Advances in PGPR Research

November 2017
More details
  • Publisher
  • Published
    28th November 2017
  • ISBN 9781786390325
  • Language English
  • Pages 408 pp.
  • Size 6.75" x 9.5"

Rhizosphere biology is approaching a century of investigations wherein growth-promoting rhizomicroorganisms (PGPR) have attracted special attention for their ability to enhance productivity, profitability and sustainability at a time when food security and rural livelihoods are a key priority. Bio-inputs -- either directly in the form of microbes or their by-products -- are gaining tremendous momentum and harnessing the potential of agriculturally important microorganisms could help in providing low-cost and environmentally safe technologies to farmers. Advances in PGPR Research explores these recent developments and includes coverage of:

* low input biofertilizers and biofungicides used for sustainable agriculture
* molecular techniques to enhance efficacy of microbial inputs
* intellectual property issues in PGPR research

Written by a team of experts, this book considers new concepts and global issues in bio-pesticide research and evaluates the implications for sustainable productivity. It is an invaluable resource for researchers in applied agricultural biotechnology, microbiology and soil science, and also for industry personnel in these areas.

1: Mechanisms of Growth Promotion by Members of the Rhizosphere Fungal Genus Trichoderma
2: Physiological and Molecular Mechanisms of Bacterial Phytostimulation
3: Real-time PCR as a Tool towards Understanding Microbial Community Dynamics in Rhizosphere
4: Biosafety Evaluation: A Necessary Process Ensuring the Equitable Beneficial Effects of PGPR
5: Role of Plant Growth Promoting Microorganisms in Sustainable Agriculture and Environmental Remediation
6: Pseudomonas Communities in Soil Agroecosystems
7: Management of Soilborne Plant Pathogens with Beneficial Root-Colonizing Pseudomonas
8: Rhizosphere, Mycorrhizosphere and Hyphosphere as Unique Niches for Soil-Inhabiting Bacteria and Micromycetes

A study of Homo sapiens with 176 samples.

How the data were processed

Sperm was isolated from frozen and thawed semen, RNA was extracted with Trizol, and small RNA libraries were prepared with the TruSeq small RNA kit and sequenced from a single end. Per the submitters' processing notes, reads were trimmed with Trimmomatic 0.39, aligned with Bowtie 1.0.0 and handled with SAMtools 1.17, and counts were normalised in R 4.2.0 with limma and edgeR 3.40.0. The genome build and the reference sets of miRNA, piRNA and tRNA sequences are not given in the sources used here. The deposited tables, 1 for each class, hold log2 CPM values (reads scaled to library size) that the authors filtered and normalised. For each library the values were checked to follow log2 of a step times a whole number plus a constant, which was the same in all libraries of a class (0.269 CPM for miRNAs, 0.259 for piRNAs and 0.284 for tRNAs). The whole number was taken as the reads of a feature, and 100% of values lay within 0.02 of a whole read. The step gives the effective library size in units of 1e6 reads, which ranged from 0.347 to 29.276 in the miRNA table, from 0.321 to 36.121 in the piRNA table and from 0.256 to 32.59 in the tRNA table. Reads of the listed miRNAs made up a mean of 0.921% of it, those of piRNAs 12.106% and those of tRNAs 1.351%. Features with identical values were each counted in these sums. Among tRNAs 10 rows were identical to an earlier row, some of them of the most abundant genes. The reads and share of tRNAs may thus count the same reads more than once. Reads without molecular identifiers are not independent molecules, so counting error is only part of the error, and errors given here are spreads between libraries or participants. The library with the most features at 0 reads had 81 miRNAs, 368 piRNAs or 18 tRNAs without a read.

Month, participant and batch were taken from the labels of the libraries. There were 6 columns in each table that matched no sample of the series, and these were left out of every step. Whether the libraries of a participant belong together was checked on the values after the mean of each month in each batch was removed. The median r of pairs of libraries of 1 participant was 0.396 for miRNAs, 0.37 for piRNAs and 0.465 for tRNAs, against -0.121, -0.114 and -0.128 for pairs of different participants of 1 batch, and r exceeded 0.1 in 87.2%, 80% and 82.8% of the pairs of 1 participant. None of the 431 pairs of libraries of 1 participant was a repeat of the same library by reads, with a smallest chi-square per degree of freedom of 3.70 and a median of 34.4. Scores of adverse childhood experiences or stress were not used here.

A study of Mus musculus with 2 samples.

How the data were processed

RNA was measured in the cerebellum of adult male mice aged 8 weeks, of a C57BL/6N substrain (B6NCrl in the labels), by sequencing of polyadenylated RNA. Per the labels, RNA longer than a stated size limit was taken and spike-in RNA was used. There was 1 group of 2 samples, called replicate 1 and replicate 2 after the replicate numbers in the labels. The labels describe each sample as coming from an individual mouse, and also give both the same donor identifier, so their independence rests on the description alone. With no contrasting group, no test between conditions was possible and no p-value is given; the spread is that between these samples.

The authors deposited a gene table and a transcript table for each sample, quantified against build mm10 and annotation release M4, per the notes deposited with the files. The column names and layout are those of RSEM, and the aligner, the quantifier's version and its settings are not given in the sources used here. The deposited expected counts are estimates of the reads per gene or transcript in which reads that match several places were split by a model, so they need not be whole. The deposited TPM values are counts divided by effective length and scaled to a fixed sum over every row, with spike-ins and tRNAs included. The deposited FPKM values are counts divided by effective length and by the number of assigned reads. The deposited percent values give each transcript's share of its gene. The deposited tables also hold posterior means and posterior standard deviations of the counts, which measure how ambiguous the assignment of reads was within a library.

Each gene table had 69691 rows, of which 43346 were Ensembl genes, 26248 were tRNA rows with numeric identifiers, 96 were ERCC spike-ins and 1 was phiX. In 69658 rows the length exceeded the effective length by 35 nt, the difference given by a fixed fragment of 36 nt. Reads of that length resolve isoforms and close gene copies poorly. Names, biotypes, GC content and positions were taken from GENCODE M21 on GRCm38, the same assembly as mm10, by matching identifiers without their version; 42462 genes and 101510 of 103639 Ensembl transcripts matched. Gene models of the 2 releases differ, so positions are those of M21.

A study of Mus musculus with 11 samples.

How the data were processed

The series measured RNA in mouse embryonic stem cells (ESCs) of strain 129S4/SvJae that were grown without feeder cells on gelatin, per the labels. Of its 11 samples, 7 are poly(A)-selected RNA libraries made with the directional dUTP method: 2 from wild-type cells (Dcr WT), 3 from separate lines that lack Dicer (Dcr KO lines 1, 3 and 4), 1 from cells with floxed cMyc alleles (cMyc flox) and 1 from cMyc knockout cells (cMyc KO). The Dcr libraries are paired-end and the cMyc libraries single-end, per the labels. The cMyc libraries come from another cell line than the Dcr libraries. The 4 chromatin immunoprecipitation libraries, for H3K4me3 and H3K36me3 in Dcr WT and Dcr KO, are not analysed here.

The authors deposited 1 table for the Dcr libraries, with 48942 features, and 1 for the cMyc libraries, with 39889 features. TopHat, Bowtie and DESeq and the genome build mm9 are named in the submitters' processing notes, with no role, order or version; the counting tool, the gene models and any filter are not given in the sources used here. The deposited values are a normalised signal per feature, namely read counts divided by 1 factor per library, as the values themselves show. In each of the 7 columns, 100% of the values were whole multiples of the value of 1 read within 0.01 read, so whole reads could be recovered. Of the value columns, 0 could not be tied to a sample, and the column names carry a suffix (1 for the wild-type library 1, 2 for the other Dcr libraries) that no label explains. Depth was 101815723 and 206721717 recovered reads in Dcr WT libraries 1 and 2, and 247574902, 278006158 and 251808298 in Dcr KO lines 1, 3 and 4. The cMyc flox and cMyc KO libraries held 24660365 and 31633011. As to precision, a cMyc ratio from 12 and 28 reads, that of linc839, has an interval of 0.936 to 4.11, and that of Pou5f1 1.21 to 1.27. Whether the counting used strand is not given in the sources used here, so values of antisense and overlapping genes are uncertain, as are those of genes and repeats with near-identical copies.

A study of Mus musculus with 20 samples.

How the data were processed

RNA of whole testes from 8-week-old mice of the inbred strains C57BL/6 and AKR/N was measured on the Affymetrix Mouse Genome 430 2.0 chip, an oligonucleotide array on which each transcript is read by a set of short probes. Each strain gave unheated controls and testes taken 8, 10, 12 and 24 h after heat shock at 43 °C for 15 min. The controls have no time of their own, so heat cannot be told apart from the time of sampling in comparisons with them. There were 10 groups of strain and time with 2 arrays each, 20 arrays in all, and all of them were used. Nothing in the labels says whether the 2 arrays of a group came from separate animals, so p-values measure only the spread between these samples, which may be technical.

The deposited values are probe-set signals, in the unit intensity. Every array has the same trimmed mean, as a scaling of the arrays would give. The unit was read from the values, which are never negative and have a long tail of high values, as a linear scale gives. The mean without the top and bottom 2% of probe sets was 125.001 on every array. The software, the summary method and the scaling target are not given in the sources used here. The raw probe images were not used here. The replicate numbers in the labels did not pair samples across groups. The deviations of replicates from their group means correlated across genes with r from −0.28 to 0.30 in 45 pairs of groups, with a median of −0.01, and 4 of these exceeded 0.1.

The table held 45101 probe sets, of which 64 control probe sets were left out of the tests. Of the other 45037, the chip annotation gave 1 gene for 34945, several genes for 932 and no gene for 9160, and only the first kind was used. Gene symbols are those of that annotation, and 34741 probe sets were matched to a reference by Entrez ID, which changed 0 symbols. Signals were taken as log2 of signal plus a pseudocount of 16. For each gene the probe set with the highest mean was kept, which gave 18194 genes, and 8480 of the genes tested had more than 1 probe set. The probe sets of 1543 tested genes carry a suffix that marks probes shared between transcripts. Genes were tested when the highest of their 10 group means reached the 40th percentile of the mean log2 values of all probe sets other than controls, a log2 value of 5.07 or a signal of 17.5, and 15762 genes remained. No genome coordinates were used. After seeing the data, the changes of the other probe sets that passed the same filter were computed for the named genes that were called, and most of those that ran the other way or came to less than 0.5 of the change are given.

9: The Rhizospheres of Arid and Semiarid Ecosystems are a Source of Microorganisms with Growth-Promoting Potential
10: Rhizosphere Colonization by Plant-Beneficial Pseudomonas spp.: Thriving in a Heterogeneous and Challenging Environment
11: Endophytomicrobiont: A Multifaceted Beneficial Interaction
12: Contribution of Plant Growth Promoting Bacteria to the Maize Yield
13: The potential of Mycorrhiza Helper Bacteria as PGPR
14: Methods for Evaluating Plant Growth Promoting Rhizobacteria Traits
15: The Rhizosphere Microbial Community and Methods of its Analysis
16: Improving Crop Performance under Heat Stress using Thermo tolerant Agriculturally Important Microorganisms
17: Phytoremediation and the Key Role of PGPR
18: Role of Plant Growth Promoting Rhizobacteria (PGPR) in Degradation of Xenobiotic Compounds and Allelochemicals
19: Bio-priming and their Metabolic Engineering for Growth and Development of Crop Species in Context of Changing Stress -A Review
20: Unravelling the Dual Applications of Trichoderma spp. as Biopesticide and Biofertilizer
21: Genome insights into Plant Growth-Promoting Rhizobacteria, an Important Component of Rhizosphere Microbiome
22: Plant Growth Promoting Rhizobacteria (PGPR): Mechanism, Role in Crop Improvements and Sustainable Agriculture
23: PGPR: A Good Step to Control Several of Plant Pathogens
24: Role of Trichoderma Secondary Metabolites in Plant Growth Promotion and Biological Control
25: PGPR Mediated Defence Activation in Plant under Biotic and Abiotic Stress

Harikesh Bahadur Singh

Harikesh Bahadur Singh is Head of the Department of Mycology and Plant Pathology, Institute of Agricultural Sciences, Banaras Hindu University, India. He has been decorated with several National awards and honors for his key role in popularizing organic farming and translating agriculturally important microorganisms from lab to land. To his credit, he has 20 U.S. patents which he has successfully transferred for commercial production of bio-pesticides to several industrial houses in India.

Birinchi Kumar Sarma

Birinchi Kumar Sarma is currently working as Associate Professor in the Department of Mycology and Plant Pathology, Institute of Agricultural Sciences, Banaras Hindu University, Varanasi, India. He received BOYSCAST Fellowship of Department of Science and Technology, New Delhi in 2006 for conducting advanced research on agriculturally important microorganisms at the University of California, Davis. He was honored with the award of "Associate" of the National Academy of Agricultural Sciences, New Delhi in 2010.

Chetan Keswani

Chetan Keswani is a Post-Doctoral Fellow in the Department of Mycology & Plant Pathology, Institute of Agricultural Sciences, Banaras Hindu University, India. Trained as a Biochemist he has keen interest in Intellectual Issues in Life Sciences. He has also passed several courses from World Intellectual Property Organization, Geneva, Switzerland. He has been a Key Note speaker in several National and International Conferences to discuss various issues in Intellectual Property and Biotechnology.